I left Wells with a lovely view of Wells Cathedral and the bluest skies I've seen since I've been in England! What a lovely day!
I found my way to Bath with no difficulties thanks to Sat Nav! But once inside the city, I drove in circles trying to figure out how to get where I needed to go in order to park within walking distance of all the places I wanted to visit! Even the Sat Nav couldn't help! But I did get a good overview of the main center area of Bath! Eventually, I found my way to a car park, noted the landmarks and made my way up the street!
First stop was at The Pump Room! I felt like I knew it well from reading Jane Austen's Persuasion (my favorite of her books!) and from seeing the two more recent movies!
While the main room is now a restaurant, they keep access open to see the "pump" aka, The King's Spring.
I loved the fish capturing the water! Though frosted with age, they are still beautiful!
The windows behind the pump look down into the Roman Baths, my next stop!
The tour starts out on the upper level looking down in. At this level, there are several statues of Roman figures ~ carved in the 1800's! I hadn't realized that the baths had been built over and only rediscovered around 3-400 years ago and excavated out until you can see what we see today, Remarkably, all the engineering that kept the water flowing remains intact!
Here I am at the Baths. My previous experience with thermal baths involves a strong sulphur odor but these waters have little to no smell! Just that pervasive green color!
The color comes from algae that grows in the warm water. There were signs everywhere saying that it wasn't safe to drink or even to touch. The guide I asked, said it is partly to do with the great number of pigeons in the area!
There are layers of paving all around the baths. Much of it is worn smooth and slick with age and the tread of two thousand years of visitors.
This is an overflow drain that helps to keep the bath full at a constant level and keeps it from flooding. The engineering of the whole thing is quite amazing.
We did get to try the water from a fresh, uncontaminated source. My assessment? Warm with a strong mineral undertone. Not horrible, but not something I'd want to sip on throughout the day either! A quote on the wall said,
"If they can't be cured by drinking and bathing here, They will never be cured anywhere."
Dr. William Oliver, 1707
My next stop was the Jane Austen Center, where I was greeted at the door by this kind gentleman!
There was a nice presentation on Jane Austen's life in Bath.
Then we toured through the museum displays on life in the era of Jane Austen and her books.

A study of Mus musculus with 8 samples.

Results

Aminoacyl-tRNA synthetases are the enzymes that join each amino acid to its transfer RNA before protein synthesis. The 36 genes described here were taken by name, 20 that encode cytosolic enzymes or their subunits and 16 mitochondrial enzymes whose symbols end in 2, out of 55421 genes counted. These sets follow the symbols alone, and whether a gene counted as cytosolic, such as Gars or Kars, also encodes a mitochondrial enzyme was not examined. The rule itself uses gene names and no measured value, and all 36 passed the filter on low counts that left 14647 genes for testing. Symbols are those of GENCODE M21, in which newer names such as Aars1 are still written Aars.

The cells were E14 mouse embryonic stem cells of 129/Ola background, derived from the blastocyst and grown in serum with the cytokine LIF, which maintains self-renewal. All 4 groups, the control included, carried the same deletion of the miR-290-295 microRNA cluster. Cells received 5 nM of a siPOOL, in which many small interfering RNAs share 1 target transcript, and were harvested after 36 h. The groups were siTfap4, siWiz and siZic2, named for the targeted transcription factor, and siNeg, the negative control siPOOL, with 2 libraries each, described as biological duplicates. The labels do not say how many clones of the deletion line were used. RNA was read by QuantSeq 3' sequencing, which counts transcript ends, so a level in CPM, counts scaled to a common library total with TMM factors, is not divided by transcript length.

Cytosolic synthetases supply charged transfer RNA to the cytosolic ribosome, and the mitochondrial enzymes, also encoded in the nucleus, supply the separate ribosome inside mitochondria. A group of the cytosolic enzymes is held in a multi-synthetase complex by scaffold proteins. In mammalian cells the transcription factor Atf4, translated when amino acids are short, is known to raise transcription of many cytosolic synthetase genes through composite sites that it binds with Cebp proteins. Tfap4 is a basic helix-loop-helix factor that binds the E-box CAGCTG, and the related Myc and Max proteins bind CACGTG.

I enjoyed it all, but perhaps the highlight for me was to see a real letter of Jane's to her sister Cassandra! To see someone's handwriting makes them seem so alive and real. As a society it is something that we are going to lose in this age of computers and technological communication. It makes me sad, but also makes me realize that I need to take more time to handwrite those notes to people and not always zip off the quick e-mail.
In the shop, I got a kick out of seeing this sign on the famous "Keep Calm" theme that is so popular right now!
I walked through The Circus on my way to the Fashion Museum. I had driven through it earlier in the day, along with the Royal Crescent. Once again, so pleasurable to see a place in person that I've read about and seen in movies and photos previously!
And then I was at The Assembly Rooms, also known as The Fashion Museum. It took me a while to realize just what the Assembly Rooms were ~ namely the place where Anne Elliot attends the concert and has one of her famous interactions with Captain Wentworth.
The real reason I came to the Fashion Museum was to see their collection of Regency era dresses! They were displayed nicely in the active storerooms of the museum. The lights were dim (I've lightened the photos considerably so you can actually see the dresses) to help preserve the clothes. The boxes behind the display are filled with other garments in the collection. There are study rooms in which you can make arrangements to view specific items. It was a delight to see these real dresses with their exquisitely fine materials and hand embroidered decorations!
In one area, they had a regency era box of silk sewing threads on display. Just gorgeous!
And finally at the end of the day, it was time to leave Bath. Once again, I got lost and couldn't find the car park where I'd left my car! I usually have a great sense of direction, but it has vanished here in the UK! I was glad I had noted the landmarks around the car park as that was finally the key to figuring out where it was! A kind person helped me figure it out and I was on my way... albeit ever so slowly, as I managed to leave right at the peak of traffic out of the city! I think it was the most nerve wracking driving I've done here in England to date. It was a relief to finally get out to the M-5 and just be able to drive without having to think about turning, shifting and finding my way for a bit! Though I enjoyed my visit to Bath, I was definitely feeling similar to what Jane wrote to her sister Cassandra about leaving Bath:
we left Bath for ____, with what happy feelings of escape!
I arrived mid-evening to the fairytale village of Broadway in the Cotswolds! The setting sun made the golden stone building glow! What a pleasant change to be in this quiet town after the bustle and noise of Bath!